Mooning Over Book Lists

Voting for our first Nerdy Book Club Awards, the Nerdies, closed at midnight. We received 682 votes from all over the world. Thanks to everyone who voted. We will announce the top five winners in each category throughout the week in special posts. At this moment, I am the only person on Earth who knows the final results. I feel giddy. I will share the winning list with the other Nerdies panel members soon (and Colby Sharp if he is nice).

Reading our Nerdies Finalists list, I’m proud of what the Nerdy Book Club accomplished. The 97 books you nominated include those titles you believe represent the best children’s and young adult books of 2011. With librarians, teachers, parents, book reviewers, book vendors, authors, and scores of readers in the Nerdy Book Club, the 2011 Nerdies Finalists list came from the best reading community around. It’s a great list full of worthy titles, and it stands alongside the many Best Books lists flooding the Internet and review publications this time of year.

You might be a nerdy reader if you adore analyzing book lists.

I have a love/hate relationship with book lists. I love reading book lists because I discover so many things about myself as a reader when I do, and I hate reading book lists for the same reason. I love book lists for what they include and hate lists for what they omit. I question the categories, the nomination guidelines, or committee members’ taste. I’m still stunned that Moon Over Manifest won the Newbery Award last year, but my friend, Teri Lesesne, reminds me to, “Trust the process.”

It’s OK. I believe that all readers travel through similar stages while skimming book lists.

The Stages of Reading a Book List

  • Curiosity: Hmm. A book list? I wonder what books are on it?
  • Nostalgia: I fondly remember reading so many books on this list. Perhaps I should read them again/ share them with more people/ find more books by the same authors.
  • Validation: Hey, I have read a lot of books on this list! This proves that I am well-read and knowledgeable. Other readers like the same books I do.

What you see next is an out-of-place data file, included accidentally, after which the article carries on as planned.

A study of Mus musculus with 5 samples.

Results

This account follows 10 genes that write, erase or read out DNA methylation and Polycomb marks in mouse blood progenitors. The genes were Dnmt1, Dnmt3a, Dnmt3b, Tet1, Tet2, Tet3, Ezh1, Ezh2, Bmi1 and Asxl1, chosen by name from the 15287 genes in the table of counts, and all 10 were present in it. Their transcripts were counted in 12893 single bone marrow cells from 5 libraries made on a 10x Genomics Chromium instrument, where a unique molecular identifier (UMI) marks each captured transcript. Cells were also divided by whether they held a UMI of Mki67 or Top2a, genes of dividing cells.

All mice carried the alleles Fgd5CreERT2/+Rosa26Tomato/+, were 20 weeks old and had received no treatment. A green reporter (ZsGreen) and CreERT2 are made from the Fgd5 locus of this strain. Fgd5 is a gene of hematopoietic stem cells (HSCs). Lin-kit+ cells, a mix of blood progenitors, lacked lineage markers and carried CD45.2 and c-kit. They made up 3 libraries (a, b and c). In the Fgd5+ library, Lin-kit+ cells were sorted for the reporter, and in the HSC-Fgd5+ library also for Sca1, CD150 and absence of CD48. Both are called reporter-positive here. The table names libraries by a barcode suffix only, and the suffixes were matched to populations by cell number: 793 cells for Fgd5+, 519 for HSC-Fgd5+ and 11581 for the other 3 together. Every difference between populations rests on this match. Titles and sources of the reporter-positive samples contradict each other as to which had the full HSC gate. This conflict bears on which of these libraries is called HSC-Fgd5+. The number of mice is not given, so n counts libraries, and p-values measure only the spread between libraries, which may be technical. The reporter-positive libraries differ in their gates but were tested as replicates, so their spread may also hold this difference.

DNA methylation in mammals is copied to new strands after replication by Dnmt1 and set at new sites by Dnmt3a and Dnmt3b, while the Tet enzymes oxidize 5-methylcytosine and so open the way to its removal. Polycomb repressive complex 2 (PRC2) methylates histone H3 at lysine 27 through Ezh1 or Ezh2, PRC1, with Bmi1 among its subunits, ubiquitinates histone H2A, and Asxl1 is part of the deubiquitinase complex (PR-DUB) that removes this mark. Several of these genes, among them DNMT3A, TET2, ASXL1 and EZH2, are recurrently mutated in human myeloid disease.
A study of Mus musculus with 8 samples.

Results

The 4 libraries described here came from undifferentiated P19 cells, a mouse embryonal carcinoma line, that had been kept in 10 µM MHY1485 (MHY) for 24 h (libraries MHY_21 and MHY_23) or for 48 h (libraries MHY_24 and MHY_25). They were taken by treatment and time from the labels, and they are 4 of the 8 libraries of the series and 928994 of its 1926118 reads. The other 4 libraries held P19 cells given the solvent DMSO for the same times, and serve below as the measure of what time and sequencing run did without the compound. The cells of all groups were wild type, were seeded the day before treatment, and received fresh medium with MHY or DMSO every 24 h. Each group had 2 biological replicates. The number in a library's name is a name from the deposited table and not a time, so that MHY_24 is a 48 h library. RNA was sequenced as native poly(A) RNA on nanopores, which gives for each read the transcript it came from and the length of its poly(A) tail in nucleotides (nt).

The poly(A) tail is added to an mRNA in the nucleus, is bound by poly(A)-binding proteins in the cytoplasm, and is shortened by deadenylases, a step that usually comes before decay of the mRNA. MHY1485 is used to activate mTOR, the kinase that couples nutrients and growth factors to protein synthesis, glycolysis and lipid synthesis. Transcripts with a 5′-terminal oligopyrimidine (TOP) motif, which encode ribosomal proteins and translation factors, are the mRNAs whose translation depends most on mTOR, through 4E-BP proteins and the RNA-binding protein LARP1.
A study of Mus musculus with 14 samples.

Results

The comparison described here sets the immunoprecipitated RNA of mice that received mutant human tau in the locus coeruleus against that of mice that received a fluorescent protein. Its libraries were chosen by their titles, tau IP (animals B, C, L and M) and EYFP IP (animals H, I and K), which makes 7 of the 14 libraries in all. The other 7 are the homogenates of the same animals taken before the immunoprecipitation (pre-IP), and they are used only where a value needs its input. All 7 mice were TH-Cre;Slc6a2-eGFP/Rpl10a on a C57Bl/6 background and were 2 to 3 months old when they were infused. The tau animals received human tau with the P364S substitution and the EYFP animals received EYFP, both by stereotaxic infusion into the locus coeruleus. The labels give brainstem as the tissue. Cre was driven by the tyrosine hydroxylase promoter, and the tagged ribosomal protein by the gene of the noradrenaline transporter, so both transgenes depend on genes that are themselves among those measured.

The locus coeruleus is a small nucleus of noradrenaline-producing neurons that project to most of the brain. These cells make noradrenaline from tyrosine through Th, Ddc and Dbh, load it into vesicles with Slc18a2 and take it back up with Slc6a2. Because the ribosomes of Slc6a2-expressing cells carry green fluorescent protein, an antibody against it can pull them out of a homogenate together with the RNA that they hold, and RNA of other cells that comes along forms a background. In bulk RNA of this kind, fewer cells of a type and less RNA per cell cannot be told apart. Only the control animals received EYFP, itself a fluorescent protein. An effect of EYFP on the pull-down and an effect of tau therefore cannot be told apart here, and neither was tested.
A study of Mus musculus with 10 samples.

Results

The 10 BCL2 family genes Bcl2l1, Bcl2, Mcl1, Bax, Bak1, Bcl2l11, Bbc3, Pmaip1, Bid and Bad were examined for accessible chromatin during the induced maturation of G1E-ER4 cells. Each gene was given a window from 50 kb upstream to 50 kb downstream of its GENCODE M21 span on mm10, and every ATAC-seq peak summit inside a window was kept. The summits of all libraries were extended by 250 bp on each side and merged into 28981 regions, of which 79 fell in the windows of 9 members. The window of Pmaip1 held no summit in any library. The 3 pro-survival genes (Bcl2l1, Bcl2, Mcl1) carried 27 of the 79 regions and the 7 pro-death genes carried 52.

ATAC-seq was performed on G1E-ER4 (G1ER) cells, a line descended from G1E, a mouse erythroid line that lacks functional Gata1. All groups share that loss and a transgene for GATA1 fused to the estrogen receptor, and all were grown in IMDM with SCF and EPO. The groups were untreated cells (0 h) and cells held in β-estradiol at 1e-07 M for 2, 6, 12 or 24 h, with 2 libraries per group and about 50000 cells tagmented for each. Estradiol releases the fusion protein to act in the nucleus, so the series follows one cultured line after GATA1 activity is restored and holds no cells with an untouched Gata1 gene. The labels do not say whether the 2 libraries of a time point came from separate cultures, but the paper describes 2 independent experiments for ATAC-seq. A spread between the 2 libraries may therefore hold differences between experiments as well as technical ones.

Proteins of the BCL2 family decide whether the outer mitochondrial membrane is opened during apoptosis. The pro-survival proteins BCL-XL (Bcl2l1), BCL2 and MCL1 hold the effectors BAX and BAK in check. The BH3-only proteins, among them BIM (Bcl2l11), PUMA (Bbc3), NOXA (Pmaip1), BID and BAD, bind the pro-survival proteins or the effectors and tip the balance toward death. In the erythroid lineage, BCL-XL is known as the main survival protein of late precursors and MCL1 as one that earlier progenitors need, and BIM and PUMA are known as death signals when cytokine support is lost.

• Embarrassment: Gee, there are a lot of books on this list that I have never heard of—I wonder if this means that I am not as savvy about books as I thought. Although I have read almost 600 books this year, I still haven’t read some major book list titles.
  • Discovery: I haven’t heard of Bake Sale by Sara Varon, which appears on the Nerdies list. It sounds like another cupcake-themed middle grade romance. Dashing over to goodreads, I happily learn that it is a new graphic novel by the author of Robot Dreams, and order a copy.
  • Superiority: Several reviewers thought that (insert title here) was one of the best books of all time? Are they kidding? Can you say plot holes?
  • Inferiority: Colin Meloy’s Wildwood appears on many favorite 2011 books lists. I abandoned this book on page 75, desperately hoping that ravens would carry off the major characters for good. I must not be as smart as I thought– because I just didn’t get it.
  • Debate: I cannot believe (insert title here) is on the list. Closely followed by, I cannot believe (insert title here) is not on the list. I call my best friend, Mary, and discuss whether or not The Girl Who Circumnavigated Fairyland in a Ship of Her Own Making (a book we both loved) was really written for kids.
  • Goal Setting: Chime by Franny Billingsley has been sitting on my bookshelf all year. So many people liked it; I need to move it to the top of the pile. Determined to improve my reading chops, I order more books from Indie Bound and reserve four more from the library.
  • Rabbit Hole: I can make a better list than this one! What would be on my Best Books list this year?  I spend the next three hours combing through my goodreads shelves, making my own book list.
  • Reading: Looking at all of these titles makes me want to read something– anything!

No matter how many or what books you read, book lists provide us with an opportunity to reflect on our reading and make reading plans. I hope looking through end-of-year book lists provides you with inspiration and validation for your reading lives.

**For the ultimate book discussion of the year, join Colby Sharp and me for the monthly Twitter chat, #titletalk, which takes place tonight (Sunday, December 18th) at 8 pm EST. We will talk about how we use book lists to inform our reading lives and our book promotion to kids and invite participants to share their favorite of 2011.

**For an interesting analysis of four major book review lists, Kirkus, Horn Book, School Library Journal, and Publishers Weekly, visit Kelly Jensen’s “Best of Lists By the Numbers” post on YALSA’s The Hub. You can access links to all of four lists through her post.

**I have created an annotated list of the 2011 Nerdy Book Club Award nominees and uploaded it to slideshare. Enjoy!

Donalyn Miller is a 6th grade language arts teacher at Trinity Meadows Intermediate School in Keller, TX. She currently writes a blog, The Book Whisperer, for Education Week Teacher. Donalyn lives atop a dragon’s hoard of unread books and spends her spare time traveling, visiting old friends, and daydreaming in the pages.